Through Monday, July 6, Sierra Designs is offering a 20% sitewide discount on tents, sleeping bags, men’s apparel, and women’s apparel. But my readers get even more love: take 25% off!
Since I partnered with Sierra Designs earlier this year, I’ve had the opportunity to test out many of its products, both current and future. Here are four of my top picks:
For most of the backpacking season, the Pack Polo is my go-to hiking shirt. It’s ideal in mild and warm temperatures for the shady East, and okay for the sunny West in conjunction with sunscreen. (Last year I picked up a long-sleeve version, which unfortunately is no longer in the line.)
For starters, the Pack Polo is sharp-looking, far more attractive than a boring and sloppily fitting athletic shirt. More functionally, the fabric offers superb air permeability (at walking speed, you can nearly feel a breeze), so I stay drier and cooler than I would in a stuffier fabric. And it’s shockingly durable, too: there is no pilling or picking even after about two months of use, including some extensive bushwhacking.
The shirt’s only short-coming is its lack of insect resistance. Bugs will bite through the fabric, so it’s not appropriate for moderate or heavy bug pressure unless you treat it with permethrin or send it off to Insect Shield.
Also, this shirt is too airy for cool or cold temperatures. Instead, try the Solar Wind Shirt (mens, womens), which I wore for 3 weeks straight in southern Utah in April. Its primary fabric has less air permeability, but the back panel is made of the same fabric as the Pack Polo — so it’s warmer but still equally resistant to SBS (sweaty back syndrome).
Be skeptical of any manufacturer claims touting the “breathability” of their waterproof-breathable rain gear. Technically, it may be breathable, but the technology is inherently flawed and you will almost inevitably end up wet — from the inside or the outside, or both — during extended wet conditions.
The Sierra Designs UL Trench Rain Jacket (mens, womens) offers a more effective solution to prevent you from soaking in your own sweat: generous airflow via a hip belt vent and armpit vents, and an open crotch courtesy of its long torso length and the matching Elite Chaps (unisex).
Publicity has focused on the Sierra Designs Cagoule (unisex), but after using both products I think that the UL Trench is the better jacket. It’s 4 oz heavier and $60 more, but I really value its full-length zipper and durable 3-layer fabric, versus the Cagoule’s pull-over design and 2-layer fabric.
There are four versions available: 1-person Elite, 1-person Featherlight (FL), 2-person Elite, and 2-person FL. The Elite version is lighter and stronger than the FL version, but will require seam-sealing and is not available in all states.
The Tentsegrity design solves many of the widespread problems with modern tents, and single-wall tents in particular. I’m not sure that retailers, backpackers, and media yet understand how this is a vastly superior design. There are many benefits to its inverted trapezoid profile over traditional dome tents and A-frame designs:
- Per its weight and footprint, the Tentsegrity has much more livable space.
- Its doors can be opened for entry and exit without exposing items inside the shelter to rain and snow, a.k.a. “dry entry”
- Condensation is less likely to occur because the ventilation features need not be covered up during a rain event, exactly when humidity is at its highest.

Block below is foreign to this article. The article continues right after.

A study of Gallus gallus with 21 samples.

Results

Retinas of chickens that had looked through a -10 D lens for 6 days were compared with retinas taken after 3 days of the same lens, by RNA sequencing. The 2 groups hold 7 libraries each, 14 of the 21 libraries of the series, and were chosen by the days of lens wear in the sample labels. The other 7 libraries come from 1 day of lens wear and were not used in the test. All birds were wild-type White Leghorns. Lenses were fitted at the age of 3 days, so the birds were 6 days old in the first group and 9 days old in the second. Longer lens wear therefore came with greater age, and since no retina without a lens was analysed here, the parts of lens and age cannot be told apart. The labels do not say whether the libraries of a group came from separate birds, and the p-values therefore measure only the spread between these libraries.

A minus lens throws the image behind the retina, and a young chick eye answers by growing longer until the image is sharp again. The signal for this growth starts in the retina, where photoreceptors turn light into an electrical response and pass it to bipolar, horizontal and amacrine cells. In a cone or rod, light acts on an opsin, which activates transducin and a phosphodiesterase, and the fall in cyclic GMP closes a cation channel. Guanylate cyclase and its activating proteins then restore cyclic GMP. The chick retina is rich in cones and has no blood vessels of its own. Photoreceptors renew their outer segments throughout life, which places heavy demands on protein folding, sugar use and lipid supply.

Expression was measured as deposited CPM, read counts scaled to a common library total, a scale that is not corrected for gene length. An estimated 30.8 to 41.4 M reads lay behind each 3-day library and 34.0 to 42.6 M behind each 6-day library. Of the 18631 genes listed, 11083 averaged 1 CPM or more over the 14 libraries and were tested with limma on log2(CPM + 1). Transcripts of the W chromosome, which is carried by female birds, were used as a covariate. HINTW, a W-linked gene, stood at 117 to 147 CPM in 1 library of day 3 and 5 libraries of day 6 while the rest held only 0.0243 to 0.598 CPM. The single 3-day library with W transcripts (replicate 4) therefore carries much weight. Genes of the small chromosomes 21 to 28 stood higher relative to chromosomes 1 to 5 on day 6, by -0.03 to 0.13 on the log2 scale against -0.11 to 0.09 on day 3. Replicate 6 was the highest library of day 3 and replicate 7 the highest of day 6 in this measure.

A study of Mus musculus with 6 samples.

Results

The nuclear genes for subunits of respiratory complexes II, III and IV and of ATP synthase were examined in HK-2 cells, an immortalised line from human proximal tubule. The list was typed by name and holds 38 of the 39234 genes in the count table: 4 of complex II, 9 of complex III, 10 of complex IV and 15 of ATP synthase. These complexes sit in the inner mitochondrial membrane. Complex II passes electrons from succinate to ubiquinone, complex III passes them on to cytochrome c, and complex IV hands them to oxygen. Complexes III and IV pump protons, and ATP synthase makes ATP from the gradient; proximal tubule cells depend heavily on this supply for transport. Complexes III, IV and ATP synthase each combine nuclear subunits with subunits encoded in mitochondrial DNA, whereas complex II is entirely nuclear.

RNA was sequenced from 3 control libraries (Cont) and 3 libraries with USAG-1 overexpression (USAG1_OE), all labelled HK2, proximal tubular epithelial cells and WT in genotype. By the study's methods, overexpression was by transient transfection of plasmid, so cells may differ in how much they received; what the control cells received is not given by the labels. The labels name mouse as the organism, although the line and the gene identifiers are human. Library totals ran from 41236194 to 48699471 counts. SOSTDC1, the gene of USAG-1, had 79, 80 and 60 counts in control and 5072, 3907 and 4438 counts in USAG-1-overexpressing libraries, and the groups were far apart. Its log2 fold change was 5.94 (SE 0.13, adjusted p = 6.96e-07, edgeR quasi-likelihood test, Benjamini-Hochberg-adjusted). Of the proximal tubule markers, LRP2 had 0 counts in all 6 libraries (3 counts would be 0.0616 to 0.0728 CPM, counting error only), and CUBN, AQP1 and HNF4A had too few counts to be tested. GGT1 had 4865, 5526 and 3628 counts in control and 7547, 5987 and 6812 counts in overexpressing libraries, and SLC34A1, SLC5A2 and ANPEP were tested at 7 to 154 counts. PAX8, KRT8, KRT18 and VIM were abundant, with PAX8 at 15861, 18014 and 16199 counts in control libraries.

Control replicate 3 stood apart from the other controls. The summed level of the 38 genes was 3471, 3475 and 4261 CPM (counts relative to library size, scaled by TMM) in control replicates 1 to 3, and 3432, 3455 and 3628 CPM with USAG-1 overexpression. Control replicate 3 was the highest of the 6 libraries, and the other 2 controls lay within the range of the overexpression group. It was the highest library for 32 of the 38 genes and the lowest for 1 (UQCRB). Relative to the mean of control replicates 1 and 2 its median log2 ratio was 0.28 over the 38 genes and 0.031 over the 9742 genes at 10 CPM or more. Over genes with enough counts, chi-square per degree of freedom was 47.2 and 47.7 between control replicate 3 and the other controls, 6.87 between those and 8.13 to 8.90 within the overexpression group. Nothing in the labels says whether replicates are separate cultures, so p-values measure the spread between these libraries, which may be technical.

- Items in the “gear closet” can be easily accessed, but without being a tripping hazard like they are in a conventional vestibule located outside the front door.
Tentsegrity tents are definitely heavier than UL tarp solutions. And you’ll want to learn to set it up properly before going into the field with it (unless you want a sorry-looking pitch like some journalists have managed). But for backpackers who want or need a fully-enclosed shelter and the simplicity of a single-wall tent (rather than a modular system), this is an excellent choice. When Amanda and I go backpacking, for example, this is our pick.
Due to its oversized width, full-length insulated arm pockets, and its hideaway hood, I have found the Sierra Designs Backcountry Quilt to be far less drafty (and thus warmer) than conventional quilts. These features have a weight penalty, but I feel that the extra ounces are invested well. The Backcountry Quilt is ideal for quilt virgins who are nervous about their draftiness, or for quilt veterans (like me) who recognize the limitations of conventional quilts.
This BCQ has been a hot item for Sierra Designs, and at this point they only have in stock the SYN 1.5-season version. However, Backcountry.com has the 800-fill DriDown version available right now for $240, or 25% off MSRP. For backpackers who are on a budget, who do not anticipate extensive use, and/or who are not weight conscious, the SYN version is adequate. But the DriDown version is the superior item: it’s lighter and more compressible for its warmth, and has a much longer lifespan.
I initially said Top 4, but I’m going to give you a fifth.
If you hike or camp in the wintertime — or want to — and don’t yet have a winter-worthy parka, consider the Sierra Designs DriDown Baffled Parka (mens, womens). When you are standing around in sub-freezing temperatures, oblivious to how cold it really is, you will appreciate this purchase. In contrast, maybe you’ll get to watch your hiking friend do jumping-jacks in order to warm up, since his attempt to extend his 3-season sewn-through parka (an inherently less thermally efficient design) is failing.
As a Sale item, the DriDown Baffled Parka is not eligible for my 25% discount. But it’s already at a great price ($150!), since it’s 50% off MSRP.